Adjunct Faculty Protest Low Wages


Fordham Faculty United protesting low wages at the Rose Hill campus in September 2016. (ANDREA GARCIA/THE OBSERVER)


On Thursday, Sept. 8, Fordham Faculty United (FFU), a group comprised of adjunct faculty members at Fordham, staged a rally at the Rose Hill campus.

The group delivered a petition to Rev. Joseph M. McShane, S.J., president of the University, to contend for better wages, more comprehensive benefits and just treatment.

As of Friday, one day after the rally, 394 people supported the online petition.

“The petition’s goals were specifically to address the administration, who should be familiar with the low wages they’re paying us and the lack of health benefits, retirement, that sort of thing,” Kathryn Krasinski, Ph.D., a member of the organizing committee of FFU, said. “But also it’s for the whole Fordham community.”

Members of the group delivered the petition to McShane and the University’s legal team following the rally. They are giving McShane one week to respond to the demands in the petition, according to a post on the Fordham Students United Facebook page.

“The more that I talk about this topic, the more I realize that most of my students really are not familiar with the adjunct system,” Krasinski continued. She thinks that if students realized how the adjunct and contingent faculty “were being compensated, the system would quickly collapse because adjunct teaching conditions are students’ learning conditions. When professors are teetering on the poverty level and running to some other job, or multiple jobs, they cannot provide the high quality education Fordham claims to offer.”

Krasinski also contests the unjust treatment of adjunct faculty by the administration.

When a student tried to call the phone number listed under Krasinski’s name in the directory, the call was automatically directed to the Fordham Rose Hill (FRH) Dean’s office, as this is where calls to her phone number go. The student asked to speak with Krasinski and was told that adjuncts do not have a place on campus, according to an email from Krasinski.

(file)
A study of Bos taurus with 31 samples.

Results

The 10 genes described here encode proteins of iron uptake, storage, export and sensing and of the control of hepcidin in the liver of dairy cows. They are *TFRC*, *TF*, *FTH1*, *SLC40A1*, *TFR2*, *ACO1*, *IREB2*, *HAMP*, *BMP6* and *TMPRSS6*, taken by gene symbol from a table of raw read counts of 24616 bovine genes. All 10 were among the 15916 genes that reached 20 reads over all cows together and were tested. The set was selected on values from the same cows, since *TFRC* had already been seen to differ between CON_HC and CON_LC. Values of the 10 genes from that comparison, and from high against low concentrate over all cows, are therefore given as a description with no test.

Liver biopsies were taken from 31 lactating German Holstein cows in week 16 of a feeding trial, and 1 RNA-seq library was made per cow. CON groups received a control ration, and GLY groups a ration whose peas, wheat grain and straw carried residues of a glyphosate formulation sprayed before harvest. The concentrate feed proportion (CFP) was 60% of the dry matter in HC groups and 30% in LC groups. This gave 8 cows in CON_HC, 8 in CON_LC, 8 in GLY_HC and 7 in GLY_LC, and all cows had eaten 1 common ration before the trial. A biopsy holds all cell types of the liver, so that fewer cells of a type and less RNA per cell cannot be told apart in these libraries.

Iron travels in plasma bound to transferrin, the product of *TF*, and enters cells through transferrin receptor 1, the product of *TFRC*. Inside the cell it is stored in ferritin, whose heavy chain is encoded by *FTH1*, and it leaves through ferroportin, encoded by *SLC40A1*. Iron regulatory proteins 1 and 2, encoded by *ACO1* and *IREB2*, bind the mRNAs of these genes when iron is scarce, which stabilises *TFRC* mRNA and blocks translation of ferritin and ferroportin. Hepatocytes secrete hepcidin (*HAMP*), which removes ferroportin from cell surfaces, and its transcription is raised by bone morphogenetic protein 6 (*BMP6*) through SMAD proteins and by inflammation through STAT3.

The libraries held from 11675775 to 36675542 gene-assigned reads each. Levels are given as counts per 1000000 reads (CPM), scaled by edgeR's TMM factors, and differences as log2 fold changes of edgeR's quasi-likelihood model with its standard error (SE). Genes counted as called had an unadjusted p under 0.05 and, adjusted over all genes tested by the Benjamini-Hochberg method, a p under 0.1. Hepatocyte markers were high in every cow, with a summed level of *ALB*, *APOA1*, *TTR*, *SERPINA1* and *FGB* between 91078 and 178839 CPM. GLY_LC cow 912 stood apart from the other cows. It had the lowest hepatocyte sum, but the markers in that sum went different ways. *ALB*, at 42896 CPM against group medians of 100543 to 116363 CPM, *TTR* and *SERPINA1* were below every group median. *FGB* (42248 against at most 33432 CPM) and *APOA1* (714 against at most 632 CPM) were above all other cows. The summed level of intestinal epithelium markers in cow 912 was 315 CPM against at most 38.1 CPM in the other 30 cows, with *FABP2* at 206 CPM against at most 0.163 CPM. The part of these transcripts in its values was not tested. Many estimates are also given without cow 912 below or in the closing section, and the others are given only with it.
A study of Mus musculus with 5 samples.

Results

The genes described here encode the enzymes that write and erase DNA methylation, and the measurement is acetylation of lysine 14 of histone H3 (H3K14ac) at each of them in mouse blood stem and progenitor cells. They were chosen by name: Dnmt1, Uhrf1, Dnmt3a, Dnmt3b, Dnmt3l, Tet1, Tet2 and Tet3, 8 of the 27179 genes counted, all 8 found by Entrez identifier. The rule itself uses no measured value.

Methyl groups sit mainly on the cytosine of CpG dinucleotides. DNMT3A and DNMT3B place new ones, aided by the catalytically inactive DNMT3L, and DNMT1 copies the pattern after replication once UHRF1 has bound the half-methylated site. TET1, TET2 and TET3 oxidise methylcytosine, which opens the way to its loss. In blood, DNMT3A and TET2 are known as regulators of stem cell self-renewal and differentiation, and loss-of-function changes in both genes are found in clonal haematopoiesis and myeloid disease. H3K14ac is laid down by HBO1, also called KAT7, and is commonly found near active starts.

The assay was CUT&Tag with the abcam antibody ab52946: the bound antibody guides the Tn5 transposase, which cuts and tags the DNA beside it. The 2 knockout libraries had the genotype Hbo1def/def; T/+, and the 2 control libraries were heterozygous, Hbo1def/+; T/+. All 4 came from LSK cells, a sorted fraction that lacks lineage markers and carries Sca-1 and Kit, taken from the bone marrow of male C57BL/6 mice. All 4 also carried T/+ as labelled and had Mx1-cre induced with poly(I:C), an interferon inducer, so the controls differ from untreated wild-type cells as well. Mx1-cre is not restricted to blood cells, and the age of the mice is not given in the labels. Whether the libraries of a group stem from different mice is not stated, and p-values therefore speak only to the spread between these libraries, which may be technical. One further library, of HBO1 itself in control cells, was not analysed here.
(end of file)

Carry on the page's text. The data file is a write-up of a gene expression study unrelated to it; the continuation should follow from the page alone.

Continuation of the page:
After the student relayed this experience, Krasinski called her own phone number. According to Krasinski, she asked for her own name when the call was automatically directed to the FRH Dean’s office and was then told, “adjuncts do not have a physical presence here. They do not have a phone or office. That is the policy of Fordham University.”

In the email explaining the events, Krasinski stated, “This says volumes about what Fordham thinks of its adjuncts.”

Other demands included in the petition to ensure the just treatment of adjunct and contingent faculty are that the University adopt the Jesuit Just Employment Policy, that there be a public meeting with McShane, the Provost and a panel of adjunct and contingent faculty, and that the University live up to the pronouncement of the United States Conference of Catholic Bishops.

This pronouncement is stated in the petition and asserts, “If the dignity of work is to be protected, then the basic rights of workers must be respected—the right to productive work, to decent and fair wages, to the organization and joining of unions, to private property, and to economic initiative.”

The Jesuit Just Employment Policy petitions for a university that adopts the policy to recognize “the connection between its Catholic faith and its moral commitment to promote a just work environment,” as written in a model policy on the Just Employment Policy’s website.

Georgetown University, another Jesuit university in Washington, D.C., adopted the policy last November.

Krasinski stated that the administration can start taking action now by adopting the policy. “Georgetown has already done this and if Fordham really wants to be the leader it claims to be, it can do this immediately,” she said.

“We’re happy to work with the administration if they’re willing to take action immediately,” Krasinski continued. “We can start generating a plan to adopt the Jesuit Just Employment Policy, but if these actions don’t happen within the month, we’re going to need to find alternative solutions. Too many of us are living on the verge of losing an apartment, not being able to buy food, pay bills and provide for our families.”